The image, which lasts only a few seconds, was taken from the perspective of an officer not directly involved in the shooting. This officer, who was not identified, was present at the scene more than 10 minutes before the shooting occurred.
On his body cam footage, the officer is seen questioning a Spanish-speaking neighbor about Jonathan Ramirez. He is seen explaining to the neighbor that the sheriff’s office had received a call about a possible assault by Ramirez and that officers were informed that Ramirez had cocaine and an AK-47 in his possession.
The officer then said, “J.T.’s got eyes on him and sent a team in this direction.”
The officer and at least two other law enforcement personnel then search several vehicles around Ramirez’s home and questioned the neighbor further before the officer returns to his own parked vehicle to listen to calls related to the incident. A little over 10 minutes after the body camera footage begins, the officer steps out of his vehicle in time to capture a brief glimpse of Ramirez as he is shot and falls to the ground.
The footage clearly shows Rameriz approaching several Nash County deputies. He appears to be bent slightly, with something in his hands. However, the video made available to the press was not clear enough without enhancement to show whether he had a weapon as the video was shot from some distance away.
This brief image was the only one that showed the actual moment of the encounter. Though Nash County Sheriff Keith Stone said at an earlier news conference that a conversation had taken place between deputies and Ramirez before the shooting, that conversation was not included on any available body cam or dash cam footage.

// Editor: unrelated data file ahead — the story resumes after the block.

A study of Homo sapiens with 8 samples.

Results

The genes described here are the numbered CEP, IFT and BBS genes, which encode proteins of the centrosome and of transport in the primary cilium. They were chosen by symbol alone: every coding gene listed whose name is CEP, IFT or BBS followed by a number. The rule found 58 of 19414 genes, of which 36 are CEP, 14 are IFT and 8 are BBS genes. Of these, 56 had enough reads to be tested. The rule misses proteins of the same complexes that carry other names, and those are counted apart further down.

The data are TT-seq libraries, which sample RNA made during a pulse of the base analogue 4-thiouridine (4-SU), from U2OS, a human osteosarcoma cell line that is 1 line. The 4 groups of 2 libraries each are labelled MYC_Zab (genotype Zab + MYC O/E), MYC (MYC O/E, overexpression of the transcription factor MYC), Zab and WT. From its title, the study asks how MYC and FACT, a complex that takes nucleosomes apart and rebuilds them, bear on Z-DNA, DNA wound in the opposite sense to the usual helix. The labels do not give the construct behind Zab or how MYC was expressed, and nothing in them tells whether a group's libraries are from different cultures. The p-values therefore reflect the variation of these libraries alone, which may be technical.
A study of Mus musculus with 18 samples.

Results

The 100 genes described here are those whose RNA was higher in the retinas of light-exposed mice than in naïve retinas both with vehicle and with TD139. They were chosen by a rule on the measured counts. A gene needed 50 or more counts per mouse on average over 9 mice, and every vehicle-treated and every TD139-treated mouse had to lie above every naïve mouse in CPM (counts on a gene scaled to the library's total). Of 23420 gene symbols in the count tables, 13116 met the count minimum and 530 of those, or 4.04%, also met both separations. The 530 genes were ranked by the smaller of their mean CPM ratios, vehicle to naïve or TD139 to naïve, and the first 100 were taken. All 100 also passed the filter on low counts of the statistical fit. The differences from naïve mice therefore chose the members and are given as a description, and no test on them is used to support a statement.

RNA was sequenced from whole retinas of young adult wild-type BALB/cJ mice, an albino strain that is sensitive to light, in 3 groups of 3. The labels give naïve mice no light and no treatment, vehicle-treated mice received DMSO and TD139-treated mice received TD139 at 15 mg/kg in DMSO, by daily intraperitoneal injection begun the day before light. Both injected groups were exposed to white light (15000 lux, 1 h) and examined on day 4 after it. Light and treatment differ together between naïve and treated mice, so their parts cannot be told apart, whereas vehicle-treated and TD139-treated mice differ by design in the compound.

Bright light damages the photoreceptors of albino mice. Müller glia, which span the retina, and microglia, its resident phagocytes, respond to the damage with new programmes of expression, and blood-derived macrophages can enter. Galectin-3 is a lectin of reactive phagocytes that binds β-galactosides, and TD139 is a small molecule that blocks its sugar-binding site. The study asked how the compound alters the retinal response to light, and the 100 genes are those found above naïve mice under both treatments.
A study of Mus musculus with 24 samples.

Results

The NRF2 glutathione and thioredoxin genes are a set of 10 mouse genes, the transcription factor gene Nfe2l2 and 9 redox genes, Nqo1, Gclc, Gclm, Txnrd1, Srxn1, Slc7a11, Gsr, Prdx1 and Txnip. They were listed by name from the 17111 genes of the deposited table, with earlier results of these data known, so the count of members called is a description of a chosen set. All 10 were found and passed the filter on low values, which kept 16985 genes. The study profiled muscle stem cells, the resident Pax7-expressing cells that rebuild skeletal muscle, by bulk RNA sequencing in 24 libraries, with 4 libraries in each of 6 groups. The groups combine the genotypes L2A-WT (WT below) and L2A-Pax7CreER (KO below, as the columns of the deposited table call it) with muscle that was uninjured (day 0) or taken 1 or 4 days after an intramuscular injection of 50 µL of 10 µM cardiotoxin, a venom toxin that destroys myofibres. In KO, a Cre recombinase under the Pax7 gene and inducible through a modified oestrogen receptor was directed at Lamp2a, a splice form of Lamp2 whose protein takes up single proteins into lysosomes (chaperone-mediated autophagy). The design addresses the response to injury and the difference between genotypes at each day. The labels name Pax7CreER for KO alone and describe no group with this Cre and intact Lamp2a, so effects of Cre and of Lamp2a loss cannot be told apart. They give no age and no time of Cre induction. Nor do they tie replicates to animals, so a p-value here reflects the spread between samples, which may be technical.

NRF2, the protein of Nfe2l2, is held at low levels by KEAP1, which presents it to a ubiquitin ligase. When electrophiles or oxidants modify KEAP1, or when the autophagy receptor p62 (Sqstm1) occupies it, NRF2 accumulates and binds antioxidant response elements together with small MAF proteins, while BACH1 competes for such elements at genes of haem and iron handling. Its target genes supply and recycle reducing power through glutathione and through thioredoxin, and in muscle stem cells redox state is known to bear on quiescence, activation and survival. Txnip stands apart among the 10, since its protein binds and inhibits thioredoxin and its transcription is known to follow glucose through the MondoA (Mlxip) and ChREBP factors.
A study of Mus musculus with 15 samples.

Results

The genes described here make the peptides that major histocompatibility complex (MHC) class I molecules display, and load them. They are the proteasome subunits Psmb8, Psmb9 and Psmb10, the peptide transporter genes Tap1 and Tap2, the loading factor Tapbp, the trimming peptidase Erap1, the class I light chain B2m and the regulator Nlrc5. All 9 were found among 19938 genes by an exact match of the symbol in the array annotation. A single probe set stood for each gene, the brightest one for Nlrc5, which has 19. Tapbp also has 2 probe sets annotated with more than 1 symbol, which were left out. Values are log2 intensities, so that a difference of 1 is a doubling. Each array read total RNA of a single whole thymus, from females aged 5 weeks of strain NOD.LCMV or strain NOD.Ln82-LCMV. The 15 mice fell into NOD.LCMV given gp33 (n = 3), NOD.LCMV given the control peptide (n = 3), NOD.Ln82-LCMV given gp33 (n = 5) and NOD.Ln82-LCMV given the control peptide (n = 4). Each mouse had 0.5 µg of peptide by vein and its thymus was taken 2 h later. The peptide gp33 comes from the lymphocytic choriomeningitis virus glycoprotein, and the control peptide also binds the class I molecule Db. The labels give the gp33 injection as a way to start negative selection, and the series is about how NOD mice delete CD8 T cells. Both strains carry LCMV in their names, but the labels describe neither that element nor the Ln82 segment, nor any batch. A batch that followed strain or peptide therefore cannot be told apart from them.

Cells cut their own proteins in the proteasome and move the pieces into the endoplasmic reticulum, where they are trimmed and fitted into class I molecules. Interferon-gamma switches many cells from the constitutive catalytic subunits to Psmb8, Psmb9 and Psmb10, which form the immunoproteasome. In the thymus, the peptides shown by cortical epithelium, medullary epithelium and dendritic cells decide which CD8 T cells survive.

The incomplete video record of events also does not contain a clear image of the weapon Ramirez was allegedly carrying at the time of the shooting or of the weapon’s recovery.
Most of the rest of the footage shows the nightmarish aftermath of the shooting. Law enforcement officers were striving to keep a growing number of family members who arrived at the scene calm and clear of the crime scene. Some family members screamed, others wept and still others taunted and cursed law enforcement officers in what was clearly a tense and dramatic situation.
The most emotional scenes were those of Ramirez’s parents who emerge from their home just after the shooting, confused and upset at the scene before them. The father kept shouting, “You shot my son! You shot my son on my property! I can’t believe it!” In the meantime, Francisca Ramirez tries to go to her son and then falls to the ground praying for him.
A fresh wave of grief erupted as officers, after trying to treat the son’s injuries, placed a sheet over his slain body. At one point after her son was placed in the ambulance, Francisca Ramirez can be seen sitting in a pool of her son’s blood while her husband held her and rocked her in his arms.
The nearly 13-minute 911 call that started the chain of events revealed that a woman who said she had two friends in her car with her reported that Ramirez had tried to sexually assault her in his vehicle after they had both been drinking. The woman said she was frightened because he had offered her cocaine and she saw he had an AK-47 in the back of his car.
When Ramirez reportedly offered her $300 to be with him, she somehow got away, followed Ramirez and called 911 to report the incident, identifying Ramirez by name and describing his vehicle down to the license plate number.
Less than 16 minutes later, according to radio traffic reports, Ramirez was dead at the hands of three deputies after he reportedly pulled his weapon on them when they confronted him as he got out of his vehicle in front of his home on the 1200 block of Maudis Road outside Bailey.
The State Bureau of Investigation continues to investigate the incident and the three deputies involved remain on administrative leave, which is standard protocol.